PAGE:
Chargers' general manager Telesco reflects on 2022 season
February 2, 2023
When all things are considered, the Los Angeles Chargers should consider the 2022 season as a step in the right direction. Winston Churchill once said, "Success is the ability to go from failure to failure without losing enthusiasm." For the 2022 Chargers, the injuries were too much to overcome for this roster. General Manager Tom Telesco discussed the 2022 season in his end of the season press conference last week.
"Disappointing end to the season, obviously, losing in the playoffs," Telesco said. "10-7 going into the playoffs, feeling pretty good that we can make a run. To lose in the opening week, any playoff loss is painful but losing in the first round is difficult. Then, the manner in which we lost, just stings a little bit more. The only thing worse than a loss is when you have that feeling that you let people down. We have around 200 people in this organization, football, and non-football, and we're all representing them on the field. We just didn't play our best when the best was needed, especially in the second half."
In the end, the season was a failure, but making the playoffs and a second consecutive winning season helps ease the pain. For Telesco and his staff, improving the depth of the roster will be critical if the Chargers want to continue as a winning team that consistently makes the playoffs and has a real shot at getting to the Super Bowl.
In the 31-30 loss to the Jacksonville Jaguars in the playoffs, the Chargers could not run the ball when they got a 27-0 lead. This was a season long problem that the Chargers could not fix. Losing pro bowl left tackle Rashawn Slater early in the season did not help. The Chargers were forced to throw the ball a lot. They were second in the NFL in pass play percentage at 65.09%, behind only the Tampa Bay Buccaneers at 67.88%. The Chargers offense was carried by quarterback Justin Herbert.
"We're going to probably have a new vision and approach on offense, that's one way to go at it, Telesco said. "We'll always be a passing team. We have Justin Herbert; we like to throw the ball. We're never going to be a 50-50 balanced team of run and pass, but you have to be able to run the football efficiently and effectively, especially in the second half of games where you have leads. We were unable to do that this year."
A new vision and approach on offense should include an upgrade at tight end and speed at wide receiver. Of the four teams still alive in the playoffs, three are graded in the top five in the NFL by Pro Football Focus (PFF). Travis Kelce of the Kansas City Chiefs is the No. 1 rated tight end in the NFL, George Kittle of the San Francisco 49ers is rated No. 2, and Dallas Goedert of the Philadelphia Eagles the No. 4 in the NFL.
Chargers starting tight end Gerald Everett was ranked No. 16 at tight end but ranked No. 58 out of 74 tight ends in run blocking. Everett was tied for the league lead in dropped passes with seven. Second-year tight end Tre' McKitty was graded as the worst tight end in the NFL. Backup tight end Donald Parham missed 11 games in the regular season, but his tight end grade was ranked 5th in the NFL. He should be the starter going forward. The Chargers need to find depth through the draft at this position.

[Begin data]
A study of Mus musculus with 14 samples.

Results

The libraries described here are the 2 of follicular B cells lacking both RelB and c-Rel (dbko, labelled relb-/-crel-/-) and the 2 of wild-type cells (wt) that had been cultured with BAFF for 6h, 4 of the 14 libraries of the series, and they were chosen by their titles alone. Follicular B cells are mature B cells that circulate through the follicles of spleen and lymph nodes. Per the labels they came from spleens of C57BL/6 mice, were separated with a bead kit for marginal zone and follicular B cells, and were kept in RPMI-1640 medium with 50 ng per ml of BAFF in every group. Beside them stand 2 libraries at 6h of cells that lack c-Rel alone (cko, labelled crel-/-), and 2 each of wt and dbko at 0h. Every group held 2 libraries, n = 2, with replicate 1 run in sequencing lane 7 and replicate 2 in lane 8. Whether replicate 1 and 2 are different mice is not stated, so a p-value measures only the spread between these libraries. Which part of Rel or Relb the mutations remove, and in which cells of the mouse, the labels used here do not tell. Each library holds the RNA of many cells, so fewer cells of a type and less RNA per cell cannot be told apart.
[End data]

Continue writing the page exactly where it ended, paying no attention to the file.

The Chargers need speed on the outside at wide receiver and they could use speed in the backfield. They need a guy that can separate on the outside. A wide receiver with 4.3 speed in the forty would help. Mike Williams, Keenan Allen, and Josh Palmer, the top three Charger wide receivers, are all 4.5 at best in the forty.
"I want speed at every position on our roster," Telesco said. "That's kind of the philosophy, it always has been. Would I love an explosively fast, stretch-the-field receiver? Absolutely, I would love to have that. But I'm not going to give back Keenan Allen. I'm not going to give back Mike Williams. I'm not going to give back Josh Palmer. This past year, our dual punt and kickoff returner was DeAndre Carter, who was going to have a smaller role in the offense and ended up having a bigger role due to injuries. He had a really nice year for us. I wish that our fifth receiver was Lance Alworth, but it's not."
That got a laugh from the media. Alworth played for the Chargers In the 1960's and 1970's and is in the NFL Hall of Fame. He may be the greatest Charger wide receiver ever. Alworth is exactly what they need. Alworth was on the track team at Arkansas and ran a 9.6 in the 100-yard dash and 21.2 in the 220-yard dash. His nickname was Bambi named after the grace running deer in the early Disney cartoons.
"I've seen Mike [Williams] make a lot of catches deep down the field, a lot," Telesco said. "That counts just as much as a little guy running fast down the field. Mike Williams is an incredible player. He averaged over 20 yards per catch a few years ago. I'm not going to argue with that. Would I love a bit, 4.3 receiver? Yeah. Are you kidding me? Absolutely. But I like the guys that we have, too. I'm not giving those guys back."
Clemson head coach Dabo Swinney once said about Williams, "With Mike Williams, if there's only one (defender) on him, he's open." Williams is definitely a receiver that will fight for the ball and win those 50-50 battles. But he does get hurt. Williams missed four games in the regular season, and he missed the playoff game against the Jaguars.
For Telesco, there will be much work to get done in the offseason. "Our fan base, they're dying for a championship, just like we are, so you have that little feeling of letting people down. That's what we're going to work on this offseason. We're going to lick our wounds a little bit here, and then rise and fight again. We have a whole offseason to figure out how we're going to do that." In the spirit of Winston Churchill.